PEABODY — Think drones are just for fun? Ask the members of the city’s Fire Department.
For about a year and a half, a group of Peabody firefighters have been learning how a drone can be helpful in not just providing aerial views of fires, but also how it can be instrumental in search and rescue operations, and extinguishing wildfires.
And the idea is spreading, according to Lt. Russ Lewis, who said he’s been helping the Massachusetts Fire Academy as well as the Boston Police Department use drones too.
“It gives a good view of the whole scene at once,” Lewis said of firefighting with a drone.
Residents may recall the fire that tore through Lifoam factory on Fifth Street for a week last summer.
While firefighters didn’t fly the drone the first day of the blaze, Lewis said, the department took it out the second day.
“We could see what was actually collapsing on the structure,” he said. “We were able to see if we were putting the water in the right places.”
It turns out, through watching the camera on the drone, that firefighters needed to adjust the streams of water — they were pointed at an area of the roof that hadn’t collapsed, making it so the water wasn’t actually hitting where they wanted it to.
Drone cameras can also spin in different directions, giving firefighters a look at the entire scene from high above.
But firefighting isn’t the only thing the drone can help with, Lewis said.
With a hazardous material situation, Lewis said, firefighters typically have to go inside first to try to find out what the material is before it can be addressed. But one alternative is flying the drone inside instead and not having to expose firefighters to something dangerous.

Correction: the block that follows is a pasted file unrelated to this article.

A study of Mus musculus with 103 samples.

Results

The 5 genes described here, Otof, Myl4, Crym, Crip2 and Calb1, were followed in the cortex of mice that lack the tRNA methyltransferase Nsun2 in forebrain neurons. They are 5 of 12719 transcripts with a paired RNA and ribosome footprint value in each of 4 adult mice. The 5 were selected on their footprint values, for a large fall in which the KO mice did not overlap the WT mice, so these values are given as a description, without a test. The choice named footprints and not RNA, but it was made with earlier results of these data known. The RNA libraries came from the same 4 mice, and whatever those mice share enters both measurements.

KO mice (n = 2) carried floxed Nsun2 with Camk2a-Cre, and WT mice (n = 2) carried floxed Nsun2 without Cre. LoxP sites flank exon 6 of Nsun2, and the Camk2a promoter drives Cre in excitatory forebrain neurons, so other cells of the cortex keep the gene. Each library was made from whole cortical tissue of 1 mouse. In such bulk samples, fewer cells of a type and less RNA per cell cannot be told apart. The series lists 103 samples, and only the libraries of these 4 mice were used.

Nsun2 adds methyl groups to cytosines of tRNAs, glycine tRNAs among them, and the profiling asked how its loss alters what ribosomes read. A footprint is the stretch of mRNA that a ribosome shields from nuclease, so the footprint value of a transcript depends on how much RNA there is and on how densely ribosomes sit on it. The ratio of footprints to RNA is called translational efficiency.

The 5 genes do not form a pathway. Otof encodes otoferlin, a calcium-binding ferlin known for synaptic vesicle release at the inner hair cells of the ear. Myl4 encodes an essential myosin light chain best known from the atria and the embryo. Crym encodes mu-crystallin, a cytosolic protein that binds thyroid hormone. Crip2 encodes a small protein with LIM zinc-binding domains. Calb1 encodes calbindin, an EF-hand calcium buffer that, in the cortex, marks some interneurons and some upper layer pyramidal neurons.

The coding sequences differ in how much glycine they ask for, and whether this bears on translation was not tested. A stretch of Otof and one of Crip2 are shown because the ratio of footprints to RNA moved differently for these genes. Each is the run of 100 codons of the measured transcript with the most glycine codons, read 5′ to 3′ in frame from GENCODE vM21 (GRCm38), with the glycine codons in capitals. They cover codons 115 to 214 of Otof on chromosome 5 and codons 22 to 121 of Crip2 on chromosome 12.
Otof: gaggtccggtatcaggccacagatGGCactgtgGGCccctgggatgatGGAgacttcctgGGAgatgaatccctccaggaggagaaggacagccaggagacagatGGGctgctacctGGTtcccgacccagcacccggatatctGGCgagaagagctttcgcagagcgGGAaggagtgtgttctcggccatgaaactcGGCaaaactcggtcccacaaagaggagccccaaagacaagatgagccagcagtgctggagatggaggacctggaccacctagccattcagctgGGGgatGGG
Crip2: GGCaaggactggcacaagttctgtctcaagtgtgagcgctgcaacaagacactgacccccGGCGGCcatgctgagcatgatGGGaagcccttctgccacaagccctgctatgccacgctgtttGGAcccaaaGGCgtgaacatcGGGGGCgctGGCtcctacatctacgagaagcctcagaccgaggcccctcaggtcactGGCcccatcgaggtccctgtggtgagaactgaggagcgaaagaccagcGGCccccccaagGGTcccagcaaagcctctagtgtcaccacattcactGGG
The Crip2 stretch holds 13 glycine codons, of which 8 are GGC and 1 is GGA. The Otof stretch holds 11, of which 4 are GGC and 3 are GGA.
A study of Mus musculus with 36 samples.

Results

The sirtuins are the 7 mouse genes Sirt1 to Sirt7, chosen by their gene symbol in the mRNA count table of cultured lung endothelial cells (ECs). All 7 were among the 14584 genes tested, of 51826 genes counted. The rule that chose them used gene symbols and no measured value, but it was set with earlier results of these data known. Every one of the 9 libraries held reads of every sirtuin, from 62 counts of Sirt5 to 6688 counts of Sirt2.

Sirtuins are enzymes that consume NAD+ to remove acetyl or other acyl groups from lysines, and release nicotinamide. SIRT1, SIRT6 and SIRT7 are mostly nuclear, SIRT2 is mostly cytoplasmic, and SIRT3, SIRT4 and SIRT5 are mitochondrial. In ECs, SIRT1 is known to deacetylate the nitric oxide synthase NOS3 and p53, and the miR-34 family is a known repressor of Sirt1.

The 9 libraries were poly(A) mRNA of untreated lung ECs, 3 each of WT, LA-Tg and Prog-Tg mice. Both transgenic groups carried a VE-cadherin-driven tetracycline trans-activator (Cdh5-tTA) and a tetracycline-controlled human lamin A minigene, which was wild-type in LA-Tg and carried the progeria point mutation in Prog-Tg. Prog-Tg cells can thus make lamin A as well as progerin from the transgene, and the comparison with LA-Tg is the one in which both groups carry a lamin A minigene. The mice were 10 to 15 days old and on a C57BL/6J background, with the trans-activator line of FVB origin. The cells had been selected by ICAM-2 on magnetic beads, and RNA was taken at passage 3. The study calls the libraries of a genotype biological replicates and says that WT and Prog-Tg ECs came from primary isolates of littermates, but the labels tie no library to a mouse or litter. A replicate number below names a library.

The drone can also get a look above a cloud of hazardous material, in the case of, for example, a cloud of ammonia heading toward a public area, like a mall, school or church.
“We can kind of watch and see which way the plume is going,” Lewis said.
The drone has a camera on its remote, but the footage can be put on a private Youtube channel for those responding from elsewhere. The feed can also be connected via cable to a command post so others can watch.
As the drone work continues to progress and become more common with the department, Lewis spoke of possibly buying another one that has thermal imaging. This can help with searching for a missing person, especially in inclement weather.
“If the drone crashes, we leave the drone,” Lewis said. “We’re not putting lives at risk.”
Fire Chief Steven Pasdon says the drone is “a great tool for us to have in our tool box.”
“It can really give us a view of something that we wouldn’t really be able to see,” he said.
But using a drone in the department is much more complicated than just taking it out of the box and putting it in the air.
The department had a slew of paperwork to fill out. There’s also training involved and those using the drone must be certified by the Federal Aviation Administration, Lewis noted.
Eight members of the department are currently certified, and Lewis is able to do some of the training since he has a private license to fly drones.
Pasdon praised Lewis for his efforts in getting the drone up and flying.
“He’s a real go-getter,” he said.
Arianna MacNeill can be reached at 978-338-2527 or at [email protected] . Follow her on Twitter at @SN_AMacNeill.